Administrative Law


From India to Germany, Peru, the U.K. and beyond, two years after the International Consortium of Investigative Journalists published the Pandora Papers, authorities worldwide continue to investigate, prosecute and legislate against tax evaders, money launderers and the white-collar professionals who service them.

The 2021 Pandora Papers investigation was the largest investigation in journalism history. Led by ICIJ, a cross-border team of more than 600 reporters trawled through a leak of 11.9 million documents from 14 offshore service providers that specialized in setting up shell companies in tax havens and secrecy jurisdictions. The files detailed the financial deals and hidden assets of politicians, celebrities, business people and criminals in more than 100 countries.

Earlier this year, authorities in the German state of Hesse said they had acquired the data from an undisclosed source for a “six figure” amount. A dedicated task force is currently reviewing the documents and coordinating with law enforcement in “several” European countries to identify suspects of tax fraud and other crimes, a finance ministry spokesperson told ICIJ in an email. The spokesperson did not provide further details, citing privacy concerns and “tactical reasons.”

“Investigators [analyzing the leaked data] will come across a lot of evil — like that associated with the mythical Pandora’s Box,” Hessian Finance Minister Michael Boddenberg said in a statement in July, inviting authorities from around the world to join Hessian investigators to probe the data and “stop the tax criminals who harm the public.”

Other agencies, too, have been acting upon Pandora Papers findings by ICIJ and its media partners in 117 countries.

In France, the financial prosecutor’s office told Le Monde that the agency had requested international assistance to continue the investigation into the Czech Republic’s former prime minister Andrej Babis and his acquisition of a $22 million luxury villa in Mougins, near Cannes. ICIJ and its partners found that Babis, a billionaire, had used a web of shell companies in offshore jurisdictions to secretly buy the 9.4-acre property and failed to declare ownership of the property as legally required for politicians. Babis, who lost national elections following the revelations, denied any wrongdoing.
Peruvian authorities launched an investigation into three members of the Catholic religious group Sodalicio de Vida Cristiana who are suspected of using offshore entities to launder money and hide profits from the authorities, according to local media. Documents in the Pandora Papers trove showed how the trio secretly created shell companies in the British Virgin Islands and Panama to invest in a mining business, ICIJ’s partner Convoca reported. They did not respond to Convoca’s comment requests.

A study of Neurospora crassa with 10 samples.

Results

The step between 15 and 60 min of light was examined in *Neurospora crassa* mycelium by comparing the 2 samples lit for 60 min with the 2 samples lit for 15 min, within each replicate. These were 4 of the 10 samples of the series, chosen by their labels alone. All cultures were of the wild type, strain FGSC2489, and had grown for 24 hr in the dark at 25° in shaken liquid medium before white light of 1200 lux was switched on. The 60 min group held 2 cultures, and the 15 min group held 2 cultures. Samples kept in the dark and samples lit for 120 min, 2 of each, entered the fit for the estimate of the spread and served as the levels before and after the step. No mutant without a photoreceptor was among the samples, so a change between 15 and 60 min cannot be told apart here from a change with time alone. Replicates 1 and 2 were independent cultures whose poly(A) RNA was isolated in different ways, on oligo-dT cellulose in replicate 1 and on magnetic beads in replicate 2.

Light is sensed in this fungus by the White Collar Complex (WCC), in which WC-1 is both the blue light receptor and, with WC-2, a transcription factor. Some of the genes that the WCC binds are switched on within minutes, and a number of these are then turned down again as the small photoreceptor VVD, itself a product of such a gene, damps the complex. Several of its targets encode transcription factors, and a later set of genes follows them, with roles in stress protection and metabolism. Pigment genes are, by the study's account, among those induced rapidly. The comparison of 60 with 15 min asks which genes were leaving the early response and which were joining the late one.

Indian financial authorities have seized high-end property and other multimillion-dollar assets belonging to at least five businessmen with offshore shell companies identified in the leaked data, according to information reported on India’s Enforcement Directorate website. One of them is accused of bribing a judge, laundering the proceeds of financial crimes and using an offshore trust and British Virgin Islands companies to hide assets worth more than $77 million.
In the U.K., tax authorities have begun reviewing potential tax evasion cases uncovered by the international team of reporters. In June, HM Revenue and Customs announced it was sending letters to hundreds of U.K. residents named in the leaked data, warning them to “come clean” with details of their overseas holdings, or risk harsh penalties.

“The work of investigative journalists or media coverage in general of potential financial crimes is sometimes decisive for the initiation of preliminary proceedings,” said Anna Pingen, a European criminal law expert and researcher at the Max Planck Institute for the Study of Crime, Security and Law in Freiburg, Germany.

“This has been the case in a number of cases such as the Offshore Leaks, Paradise Papers, Panama Papers, Pandora Papers,” Pingen said, referring to previous ICIJ investigations.